This term our topic in Year 6 is ‘The Cradle of Civilisation’ and we have started exploring Ancient Sumer, a period of time that we quickly realised not many people had heard of or knew much about (myself included). For me, this is a fantastic opportunity to learn alongside the children and to show them how I am passionate about learning, as well as teaching.


We began with an archaeological dig in role as Leonard Wooley who was best known for his excavations at Ur in Mesopotamia. We did not tell the children the ancient time that we were going to be studying as we wanted them to consider this after the dig. The children used brushes and other tools to carefully uncover artefacts that had been ‘planted’ under sand in various areas of the classroom. At each new discovery the children discussed and made notes on what each artefact could be, what it could have been used for, what period of time it was from and what it might tell them about that period of time. The conversations were incredibly interesting, deep and thoughtful and the level of contemplation was really impressive. During this the children kept a ‘Dig Diary’ and wrote in role as Leonard Wooley about their discoveries, their feelings at the time and what they hoped would come from these discoveries. 

The children (and staff!) are hooked on this topic and we are all looking forward to finding out even more about this ancient civilisation. I want to bring a real ‘audience’ to the work the children are going to be doing as part of their home learning and I need your help. In class, our big focus in on Science this term so much of our topic learning will focus on the scientific ideas that can be explored through looking back to Ancient Sumer. However, through the children’s home learning they will research aspects of Sumerian history and geography.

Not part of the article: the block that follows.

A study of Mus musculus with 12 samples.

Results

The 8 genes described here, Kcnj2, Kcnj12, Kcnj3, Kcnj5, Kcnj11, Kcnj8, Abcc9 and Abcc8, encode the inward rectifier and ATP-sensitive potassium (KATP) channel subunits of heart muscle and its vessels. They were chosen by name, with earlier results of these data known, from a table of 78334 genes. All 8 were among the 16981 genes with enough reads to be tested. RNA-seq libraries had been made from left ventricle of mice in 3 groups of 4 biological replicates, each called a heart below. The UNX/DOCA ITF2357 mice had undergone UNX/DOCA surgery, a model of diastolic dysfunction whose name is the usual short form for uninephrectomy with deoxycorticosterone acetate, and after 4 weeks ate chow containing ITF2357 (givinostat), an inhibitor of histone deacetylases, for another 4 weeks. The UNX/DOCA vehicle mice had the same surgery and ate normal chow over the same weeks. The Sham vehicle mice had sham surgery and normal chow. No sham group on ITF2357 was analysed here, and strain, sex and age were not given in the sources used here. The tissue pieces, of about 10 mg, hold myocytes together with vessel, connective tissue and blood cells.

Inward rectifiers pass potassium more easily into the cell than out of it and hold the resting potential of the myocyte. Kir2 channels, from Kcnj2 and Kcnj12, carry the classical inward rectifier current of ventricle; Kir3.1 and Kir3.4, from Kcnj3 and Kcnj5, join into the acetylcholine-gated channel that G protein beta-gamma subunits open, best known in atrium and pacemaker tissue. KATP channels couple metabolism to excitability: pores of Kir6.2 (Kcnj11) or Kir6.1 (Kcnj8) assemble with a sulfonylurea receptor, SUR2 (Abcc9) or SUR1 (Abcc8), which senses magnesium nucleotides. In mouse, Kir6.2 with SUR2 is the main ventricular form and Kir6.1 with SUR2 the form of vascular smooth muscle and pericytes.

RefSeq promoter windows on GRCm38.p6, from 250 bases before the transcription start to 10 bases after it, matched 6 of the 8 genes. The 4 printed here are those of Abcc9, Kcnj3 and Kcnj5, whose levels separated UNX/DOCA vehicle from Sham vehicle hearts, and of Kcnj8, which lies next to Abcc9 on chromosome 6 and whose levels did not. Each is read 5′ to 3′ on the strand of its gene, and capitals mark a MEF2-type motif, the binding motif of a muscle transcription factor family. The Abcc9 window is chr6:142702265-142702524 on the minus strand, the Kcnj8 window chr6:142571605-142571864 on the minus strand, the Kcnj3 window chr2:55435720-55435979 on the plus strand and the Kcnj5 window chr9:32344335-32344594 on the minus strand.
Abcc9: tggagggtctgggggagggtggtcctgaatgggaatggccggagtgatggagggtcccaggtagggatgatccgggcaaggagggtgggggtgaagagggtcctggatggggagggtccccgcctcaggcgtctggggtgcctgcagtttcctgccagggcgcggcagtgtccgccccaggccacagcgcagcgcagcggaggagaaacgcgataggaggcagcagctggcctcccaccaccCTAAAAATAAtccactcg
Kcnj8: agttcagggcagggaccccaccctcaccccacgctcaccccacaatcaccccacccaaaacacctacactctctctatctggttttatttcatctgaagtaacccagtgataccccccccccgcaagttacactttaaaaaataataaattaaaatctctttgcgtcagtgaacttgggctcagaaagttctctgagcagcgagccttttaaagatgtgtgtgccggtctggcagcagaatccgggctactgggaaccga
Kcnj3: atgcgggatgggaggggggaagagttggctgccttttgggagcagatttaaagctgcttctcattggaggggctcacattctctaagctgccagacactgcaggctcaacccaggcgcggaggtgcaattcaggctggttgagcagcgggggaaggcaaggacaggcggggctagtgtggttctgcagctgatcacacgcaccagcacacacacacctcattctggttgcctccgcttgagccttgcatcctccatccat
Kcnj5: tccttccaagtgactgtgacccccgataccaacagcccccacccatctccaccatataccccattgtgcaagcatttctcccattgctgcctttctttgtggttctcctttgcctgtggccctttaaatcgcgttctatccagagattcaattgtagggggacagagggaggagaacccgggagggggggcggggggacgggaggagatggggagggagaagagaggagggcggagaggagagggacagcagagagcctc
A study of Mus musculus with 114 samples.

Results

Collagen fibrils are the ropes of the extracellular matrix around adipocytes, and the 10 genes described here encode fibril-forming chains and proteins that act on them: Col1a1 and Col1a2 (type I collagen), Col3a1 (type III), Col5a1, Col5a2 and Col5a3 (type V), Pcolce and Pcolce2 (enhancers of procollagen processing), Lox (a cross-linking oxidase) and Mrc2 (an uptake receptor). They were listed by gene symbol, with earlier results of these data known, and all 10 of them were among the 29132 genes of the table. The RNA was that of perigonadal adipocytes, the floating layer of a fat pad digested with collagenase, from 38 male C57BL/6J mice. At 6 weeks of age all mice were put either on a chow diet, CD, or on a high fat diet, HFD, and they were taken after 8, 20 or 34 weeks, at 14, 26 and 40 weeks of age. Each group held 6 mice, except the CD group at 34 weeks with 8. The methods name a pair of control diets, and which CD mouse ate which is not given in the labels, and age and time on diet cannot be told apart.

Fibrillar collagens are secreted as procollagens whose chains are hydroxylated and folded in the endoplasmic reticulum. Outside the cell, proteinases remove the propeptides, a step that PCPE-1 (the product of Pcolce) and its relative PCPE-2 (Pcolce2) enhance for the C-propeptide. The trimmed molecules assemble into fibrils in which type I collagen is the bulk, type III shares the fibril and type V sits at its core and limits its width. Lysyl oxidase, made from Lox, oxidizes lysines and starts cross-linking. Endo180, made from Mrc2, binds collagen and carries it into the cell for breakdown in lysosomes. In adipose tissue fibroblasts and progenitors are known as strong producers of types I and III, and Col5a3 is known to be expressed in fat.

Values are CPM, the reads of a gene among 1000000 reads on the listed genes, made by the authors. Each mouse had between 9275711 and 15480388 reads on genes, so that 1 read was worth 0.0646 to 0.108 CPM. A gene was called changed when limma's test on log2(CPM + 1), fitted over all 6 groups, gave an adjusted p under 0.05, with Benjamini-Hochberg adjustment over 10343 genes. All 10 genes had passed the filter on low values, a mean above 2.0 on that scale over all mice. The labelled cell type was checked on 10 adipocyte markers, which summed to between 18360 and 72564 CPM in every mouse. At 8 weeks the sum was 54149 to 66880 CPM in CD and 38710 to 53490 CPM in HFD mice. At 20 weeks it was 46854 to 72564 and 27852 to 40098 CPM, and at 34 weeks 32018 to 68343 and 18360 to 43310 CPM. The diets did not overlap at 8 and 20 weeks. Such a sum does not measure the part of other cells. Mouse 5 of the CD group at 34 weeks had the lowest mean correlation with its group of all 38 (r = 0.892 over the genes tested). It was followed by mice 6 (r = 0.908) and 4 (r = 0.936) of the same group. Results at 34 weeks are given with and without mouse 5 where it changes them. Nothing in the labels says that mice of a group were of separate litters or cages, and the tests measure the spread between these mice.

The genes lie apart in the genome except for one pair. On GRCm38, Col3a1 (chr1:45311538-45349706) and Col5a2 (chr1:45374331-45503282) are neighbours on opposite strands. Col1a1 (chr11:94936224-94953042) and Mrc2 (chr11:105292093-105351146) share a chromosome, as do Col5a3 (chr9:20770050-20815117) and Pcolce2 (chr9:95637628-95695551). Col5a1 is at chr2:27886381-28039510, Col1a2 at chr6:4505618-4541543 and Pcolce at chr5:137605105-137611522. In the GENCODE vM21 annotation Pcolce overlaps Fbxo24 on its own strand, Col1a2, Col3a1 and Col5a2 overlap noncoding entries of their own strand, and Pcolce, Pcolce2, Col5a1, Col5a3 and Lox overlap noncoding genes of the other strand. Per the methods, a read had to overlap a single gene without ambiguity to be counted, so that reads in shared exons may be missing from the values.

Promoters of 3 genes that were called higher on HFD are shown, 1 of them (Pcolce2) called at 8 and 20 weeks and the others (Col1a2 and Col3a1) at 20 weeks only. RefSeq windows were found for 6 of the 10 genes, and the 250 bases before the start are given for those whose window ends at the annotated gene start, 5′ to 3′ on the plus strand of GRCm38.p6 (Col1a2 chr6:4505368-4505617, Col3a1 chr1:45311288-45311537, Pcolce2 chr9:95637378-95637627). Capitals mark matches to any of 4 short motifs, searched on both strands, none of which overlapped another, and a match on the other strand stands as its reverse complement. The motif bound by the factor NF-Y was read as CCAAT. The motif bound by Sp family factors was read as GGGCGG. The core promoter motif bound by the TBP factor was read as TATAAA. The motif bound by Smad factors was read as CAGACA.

I have been thinking a lot about ‘home learning’ or ‘homework’ recently and have read a few posts by teachers who reflect how, often, it can be set without careful consideration of its purpose. Consequently, many tasks set for ‘homework’ can be less than desirable in terms of impact on learning and child engagement. Having read a recent post by Steve Wheeler on ‘10 characteristics of authentic learning‘, I have thought of homework project that I think will engage, inspire and impact children’s home learning. 

With the help of twitter (and beyond, perhaps!) I hope to set a home learning challenge for my class to complete over the next few weeks. The project will be based around people’s questions and my class will be responsible for answering these questions in a way that they think would be most effective. They might choose to create a wiki, write a blog post, create a presentation, make a model, produce some artwork, etc. to help answer the questions that have been asked. The ‘end product/s’ will then be sent to the person who asked it who (hopefully) will give some feedback on the quality of the answer.

In terms of Steve Wheeler’s 10 characteristics, I think it encompasses the majority. This task is a complex task that would be completed over a few weeks (3). It has a real-world relevance (1) in terms of the audience for the project and requires pupils to define the tasks/activities (2) they need to complete themselves. Collaboration between pupils and question-askers would be crucial for a successful project (5) and they would receive authentic, real world assessment (7). The possible outcomes are multifaceted (9) and have the potential to be authentic and valuable in their own right (8).

Ancient Sumer is a period of time that I did not know much about and I had lots of questions about the Sumerians before we started studying them. Do you have any questions about that period of time that you’d like answered? Is there an aspect of Ancient Sumer that you would like to know more about? If there is, please complete this (very, very quick) Google form (developed by the children today) and let us know the question. If you could provide us with a contact address, that’d be great and your ‘answerer’ (need to think of another name for that!) will contact you with the answer.

I think this is a great opportunity to try something new in terms of the home learning I set my class and I hope that lots of people get involved! 🙂

If you can think of any ways of enhancing this project, please do let my class and I know!